Leonard Driver

Rank: Private

Service Number: 9300

Date of Birth: 1890

Regiment:  2nd Battalion The King's Own (The Lancaster Regiment)

Date of Death: 8 May 1915

Age at death: 25

Cemetery / Memorial: Menin Gate, Ypres

Country: Belgium

Grave / Reference: Panel 12

Relatives: Brother of Charles Driver

Address: 53 George Street, Hadleigh

 Private Leonard Driver was entitled to three medals; the 1915 Star, the British Victory Medal and the British War Medal.  

Private Leonard Driver was entitled to three medals; the 1915 Star, the British Victory Medal and the British War Medal.  

The 2nd Battle of Ypres continued into May 1915 and the 8th saw the opening of the Battle of Frezenberg Ridge.  The 28th Division, which included the 1st Suffolks and 2nd King’s Own Royal Lancasters, were in the front line around the village of Frezenburg.  Despite repelling the early attacks, the 2nd Kings Own was eventually overwhelmed and over 700 men were missing; among them was Private Leonard Driver from Hadleigh.  

 

Leonard Harry Driver was born in 1890; by the time of the 1901 census he was one of seven children living with their parents in George Street.  Sadly is mother died in 1903 and his father two years later.  When the parents died, the family were split up.  The three girls were sent to different homes for girls in the south of England.  Leonard and his two younger brothers (Frederick & Maurice) were sent to a charity boy’s home in Chipping Norton in Oxfordshire.  Only the eldest brother Charles remained in Hadleigh.  Charles who was 18 when his father died, moved in with his uncle Harry Dunningham at 13 Long Bessels.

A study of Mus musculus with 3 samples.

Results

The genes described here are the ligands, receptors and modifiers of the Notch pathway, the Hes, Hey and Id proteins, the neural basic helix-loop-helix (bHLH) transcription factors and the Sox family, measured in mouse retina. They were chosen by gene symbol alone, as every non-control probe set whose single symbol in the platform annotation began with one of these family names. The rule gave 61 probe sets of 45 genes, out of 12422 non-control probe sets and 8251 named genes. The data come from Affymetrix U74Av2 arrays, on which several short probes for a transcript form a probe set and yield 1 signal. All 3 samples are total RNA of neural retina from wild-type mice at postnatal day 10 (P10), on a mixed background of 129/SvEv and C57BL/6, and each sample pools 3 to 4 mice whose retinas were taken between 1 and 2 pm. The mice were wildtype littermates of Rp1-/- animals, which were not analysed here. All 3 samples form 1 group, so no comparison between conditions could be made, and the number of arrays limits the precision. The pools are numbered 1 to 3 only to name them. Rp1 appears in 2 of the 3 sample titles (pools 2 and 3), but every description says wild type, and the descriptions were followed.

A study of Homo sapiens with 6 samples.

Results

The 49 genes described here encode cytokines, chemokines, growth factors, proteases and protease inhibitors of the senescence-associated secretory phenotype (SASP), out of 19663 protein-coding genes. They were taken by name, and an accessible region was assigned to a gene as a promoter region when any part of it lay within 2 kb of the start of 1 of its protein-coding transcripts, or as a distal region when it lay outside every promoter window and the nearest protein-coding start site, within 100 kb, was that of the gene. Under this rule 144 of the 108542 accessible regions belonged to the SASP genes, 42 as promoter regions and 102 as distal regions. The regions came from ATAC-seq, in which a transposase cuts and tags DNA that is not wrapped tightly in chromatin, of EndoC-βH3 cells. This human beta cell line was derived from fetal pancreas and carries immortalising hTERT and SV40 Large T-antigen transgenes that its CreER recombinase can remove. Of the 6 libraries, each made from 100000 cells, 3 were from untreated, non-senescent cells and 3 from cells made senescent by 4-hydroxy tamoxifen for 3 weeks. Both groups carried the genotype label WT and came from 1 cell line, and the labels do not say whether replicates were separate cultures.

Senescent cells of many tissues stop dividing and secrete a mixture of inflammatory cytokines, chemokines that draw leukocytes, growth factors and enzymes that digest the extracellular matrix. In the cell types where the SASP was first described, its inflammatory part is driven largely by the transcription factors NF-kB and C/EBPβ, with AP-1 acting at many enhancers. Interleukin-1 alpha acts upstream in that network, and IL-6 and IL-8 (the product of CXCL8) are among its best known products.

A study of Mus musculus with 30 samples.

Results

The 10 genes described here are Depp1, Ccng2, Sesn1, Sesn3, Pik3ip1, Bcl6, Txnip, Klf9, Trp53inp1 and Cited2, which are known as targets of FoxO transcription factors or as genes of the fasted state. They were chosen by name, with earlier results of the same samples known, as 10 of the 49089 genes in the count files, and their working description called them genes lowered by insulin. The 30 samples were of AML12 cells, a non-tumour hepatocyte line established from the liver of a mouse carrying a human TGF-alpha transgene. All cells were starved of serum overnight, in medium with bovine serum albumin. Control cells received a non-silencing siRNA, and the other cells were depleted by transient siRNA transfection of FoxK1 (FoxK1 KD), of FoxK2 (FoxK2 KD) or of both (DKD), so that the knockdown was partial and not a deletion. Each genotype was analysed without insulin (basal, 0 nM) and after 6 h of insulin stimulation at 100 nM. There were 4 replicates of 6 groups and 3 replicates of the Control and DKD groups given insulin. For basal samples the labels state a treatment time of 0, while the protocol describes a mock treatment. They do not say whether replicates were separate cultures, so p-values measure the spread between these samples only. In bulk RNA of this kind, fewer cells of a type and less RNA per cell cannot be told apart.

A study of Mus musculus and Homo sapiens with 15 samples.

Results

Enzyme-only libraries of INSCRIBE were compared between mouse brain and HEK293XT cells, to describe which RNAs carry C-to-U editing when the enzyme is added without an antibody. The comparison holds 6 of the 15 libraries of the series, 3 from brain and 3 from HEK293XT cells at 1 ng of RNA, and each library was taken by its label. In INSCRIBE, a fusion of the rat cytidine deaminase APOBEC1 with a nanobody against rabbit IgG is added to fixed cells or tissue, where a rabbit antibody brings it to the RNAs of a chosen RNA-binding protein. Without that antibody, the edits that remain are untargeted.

It is not exactly clear what happen to Leonard between 1905 and 1915, but what we do know is that he entered the theatre of war with the King’s Own Royal Lancaster Regiment on 15 January 1915 and served on the Ypres Salient until he was killed in action.

The German assault on the 8th May was particularly fierce and completely overwhelmed the King's Own.  Casualties were very high which is evident from the entry in the Battalion war diary from the 9th May.  Over 700 other ranks were missing, the vast majority would have been killed in action. 

Leonard's body was never found, or if it was, it was never identified and so he is commemorated on the Menin Gate in Ypres.

It is thought that Leonard's two brothers at the home, were sent to work on a farm owned by the home in Canada.  They both returned to Britain to join the Army and fight and brother Maurice was also killed.

 Leonard's medal card showing his date of entry into France

Leonard's medal card showing his date of entry into France

    

 

Click on the pictures below to view Leonard's gallery

 

We hope that this page has been able to tell the story of Leonard Driver.  If you know of any information which might help to add to the story then please get in touch.